All fired up: Academy's combat arms instructors aim to train

  • Published
  • By Amber Baillie
  • Academy Spirit staff writer
The six combat arms instructors at the Academy's shooting range have their weapons knowledge down to a science - lock stock and barrel.

Running a range seven days a week and training approximately 10,000 people a year, these 10th Security Forces Squadron experts do more than just teach Airmen and cadets how to shoot a firearm -- they equip them with the knowledge, confidence and skill to defend the nation.

Situated in Jacks Valley, the range is used to train cadets to effectively use a Colt M16A2 rifle through the Combat Arms Training and Maintenance course and each active-duty members how to fire the M4, Beretta 9mm pistol, M203 grenade launcher, M249 automatic rifle and the M240 Bravo machine gun when they deploy.

"It's a really personable job," said Combat Arms instructor Staff Sgt. Ryan Hinze. "If we mess up on the range and teach them something wrong, it's a matter of life and death. We have these people's lives in our hands so we have to be very passionate, professional and knowledgeable"

Rain or shine, service members -- and on some occasions, even civilians -- from the Academy, Cheyenne Mountain Air Station, Schriever Air Force Base, Peterson AFB, and Buckley AFB train regularly at the range. Reservists and cadets from the combat shooting team, Global Engagement training and Expeditionary Survival and Evasion Training also utilize the range.

"We're a unique CATM shop because all the bases in the area train here," Hinze said. "We're also the only combat arms shop in the Front Range that carries weapon parts, so we maintain weapons from other bases too."

Cadets spend eight days at the range during Basic Cadet Training. Approximately 1,100 attended training this year.

"A lot of them are only 17, 18 years old and have never touched a weapon," Hinze said. "I like teaching people who have never handled a weapon, because for someone who has, they've already created bad habits. If you've never shot a rifle, I can just show you the right way to use it instead of having to help you break those habits."

Students at the range include basic cadets, generals and the enlisted force. Hinze said they've tried to shrink their class sizes to allow more time for students and instructors to interact.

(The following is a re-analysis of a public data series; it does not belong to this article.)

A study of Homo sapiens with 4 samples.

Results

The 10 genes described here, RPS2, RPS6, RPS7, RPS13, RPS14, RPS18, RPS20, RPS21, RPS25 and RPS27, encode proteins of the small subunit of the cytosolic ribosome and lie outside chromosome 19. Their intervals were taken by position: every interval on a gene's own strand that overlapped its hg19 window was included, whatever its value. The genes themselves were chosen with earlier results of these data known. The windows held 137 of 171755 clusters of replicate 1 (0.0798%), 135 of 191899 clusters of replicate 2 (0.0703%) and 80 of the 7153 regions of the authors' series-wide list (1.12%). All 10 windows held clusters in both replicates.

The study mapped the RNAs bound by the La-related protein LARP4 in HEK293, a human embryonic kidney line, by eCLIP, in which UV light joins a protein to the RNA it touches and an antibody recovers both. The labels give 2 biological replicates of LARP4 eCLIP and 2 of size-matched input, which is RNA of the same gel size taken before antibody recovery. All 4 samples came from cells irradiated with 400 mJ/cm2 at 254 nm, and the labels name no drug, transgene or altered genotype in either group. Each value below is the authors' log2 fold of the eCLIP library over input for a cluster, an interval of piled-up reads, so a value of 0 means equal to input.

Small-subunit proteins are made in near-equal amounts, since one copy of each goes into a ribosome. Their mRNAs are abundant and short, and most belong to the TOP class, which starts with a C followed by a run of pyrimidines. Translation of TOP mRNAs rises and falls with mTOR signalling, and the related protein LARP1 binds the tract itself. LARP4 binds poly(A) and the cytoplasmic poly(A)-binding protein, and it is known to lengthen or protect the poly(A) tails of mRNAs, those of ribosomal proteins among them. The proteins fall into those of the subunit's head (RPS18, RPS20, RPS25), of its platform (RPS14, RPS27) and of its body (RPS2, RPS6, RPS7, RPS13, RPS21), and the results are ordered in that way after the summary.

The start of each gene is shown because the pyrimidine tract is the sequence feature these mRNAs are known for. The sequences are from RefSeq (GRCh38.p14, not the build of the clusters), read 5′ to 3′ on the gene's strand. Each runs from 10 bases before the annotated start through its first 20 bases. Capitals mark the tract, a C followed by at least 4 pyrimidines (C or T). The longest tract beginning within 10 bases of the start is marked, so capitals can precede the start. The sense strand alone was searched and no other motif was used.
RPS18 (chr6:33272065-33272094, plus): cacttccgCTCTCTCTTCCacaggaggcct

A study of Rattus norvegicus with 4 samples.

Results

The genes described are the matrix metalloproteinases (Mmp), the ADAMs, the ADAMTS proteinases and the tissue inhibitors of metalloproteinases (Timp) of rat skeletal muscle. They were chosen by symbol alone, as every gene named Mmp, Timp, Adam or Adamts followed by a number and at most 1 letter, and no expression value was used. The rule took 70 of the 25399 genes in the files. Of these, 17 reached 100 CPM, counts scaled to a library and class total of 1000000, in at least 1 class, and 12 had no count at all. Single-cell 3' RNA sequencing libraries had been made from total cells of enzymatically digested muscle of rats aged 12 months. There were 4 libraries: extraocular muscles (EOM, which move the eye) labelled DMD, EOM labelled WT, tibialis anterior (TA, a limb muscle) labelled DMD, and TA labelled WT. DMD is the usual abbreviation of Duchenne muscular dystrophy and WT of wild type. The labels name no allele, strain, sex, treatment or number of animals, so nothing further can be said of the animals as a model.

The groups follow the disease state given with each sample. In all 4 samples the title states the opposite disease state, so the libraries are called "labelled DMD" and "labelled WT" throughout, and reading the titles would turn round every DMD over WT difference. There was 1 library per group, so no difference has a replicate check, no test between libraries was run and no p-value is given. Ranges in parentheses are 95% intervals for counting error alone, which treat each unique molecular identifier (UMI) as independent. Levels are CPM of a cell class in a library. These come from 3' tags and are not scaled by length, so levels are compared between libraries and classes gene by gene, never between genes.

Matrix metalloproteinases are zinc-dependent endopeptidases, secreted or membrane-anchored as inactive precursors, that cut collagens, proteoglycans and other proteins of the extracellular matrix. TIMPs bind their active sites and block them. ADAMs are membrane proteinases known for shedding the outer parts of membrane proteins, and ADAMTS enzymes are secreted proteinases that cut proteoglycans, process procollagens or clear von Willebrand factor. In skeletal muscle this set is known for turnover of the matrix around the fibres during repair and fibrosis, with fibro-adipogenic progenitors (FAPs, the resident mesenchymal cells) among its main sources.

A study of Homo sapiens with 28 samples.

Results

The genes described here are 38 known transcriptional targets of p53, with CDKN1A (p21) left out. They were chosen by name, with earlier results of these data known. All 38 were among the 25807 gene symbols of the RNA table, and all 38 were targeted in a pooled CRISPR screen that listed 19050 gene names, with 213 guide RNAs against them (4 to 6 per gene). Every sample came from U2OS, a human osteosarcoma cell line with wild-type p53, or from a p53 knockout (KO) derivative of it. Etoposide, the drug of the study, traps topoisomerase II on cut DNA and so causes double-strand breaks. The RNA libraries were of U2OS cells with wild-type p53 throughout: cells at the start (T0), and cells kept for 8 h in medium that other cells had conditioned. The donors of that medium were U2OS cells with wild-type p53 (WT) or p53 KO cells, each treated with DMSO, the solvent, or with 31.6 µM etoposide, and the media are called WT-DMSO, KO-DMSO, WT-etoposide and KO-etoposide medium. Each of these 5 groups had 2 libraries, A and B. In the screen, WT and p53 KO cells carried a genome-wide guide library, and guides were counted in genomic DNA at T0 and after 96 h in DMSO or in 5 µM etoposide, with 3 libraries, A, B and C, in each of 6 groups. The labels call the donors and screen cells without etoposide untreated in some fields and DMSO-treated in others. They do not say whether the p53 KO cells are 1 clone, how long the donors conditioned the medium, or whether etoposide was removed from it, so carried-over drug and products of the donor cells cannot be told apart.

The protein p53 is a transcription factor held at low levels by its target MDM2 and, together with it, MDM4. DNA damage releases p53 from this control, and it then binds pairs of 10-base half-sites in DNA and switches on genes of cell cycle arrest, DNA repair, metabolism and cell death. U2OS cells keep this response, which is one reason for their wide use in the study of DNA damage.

"Our top priority is safety," Hinze said. "It's a live weapon with live ammunition, so we have be firm and make sure everyone stays safe no matter the rank of the person."
Combat Arms instructor Staff Sgt. Nasun Rocker said weapons qualifications have changed during the past three years.

"The course of fire is different," he said. "You only have a certain amount of ammunition and fewer targets to be able to qualify on the weapon. There is more close-quarters shooting. It's a lot more realistic because statistically in Iraq and Afghanistan your fire fights are anywhere between seven to 50 meters."

Rocker said the instructors also teach service members to be self-reliant with their weapons.

"We'll set up the weapon so that it jams or malfunctions," Rocker said. "Then shooters can be more interactive with the weapons, and they're forced to figure out what they need to do to get themselves back in the fight."

Rocker said a lot of times Airmen who are about to deploy for the first time haven't used a firearm since basic training.

"We'll see people who haven't touched a firearm in a while and are able to get in good practice, qualify, and you see how happy and confident they are with the weapon," Rocker said. "It's a very satisfying part of the job."

A new building will be added between the range's armory and classroom, Rocker said.
"Instead of us having to bring our weapons from the armory to them, service members can learn how to arm up in a proper way, opposed to having the weapons just handed to them in the classroom. When they head downrange they'll go to an armory to get their weapon."

The range trains approximately 1,000 service members each month. The instructors run the range, maintain the firearms and manage the armory.

"It's a very professional group for the amount of work we have," Rocker said. "We like what we do and make sure the job is done well and right."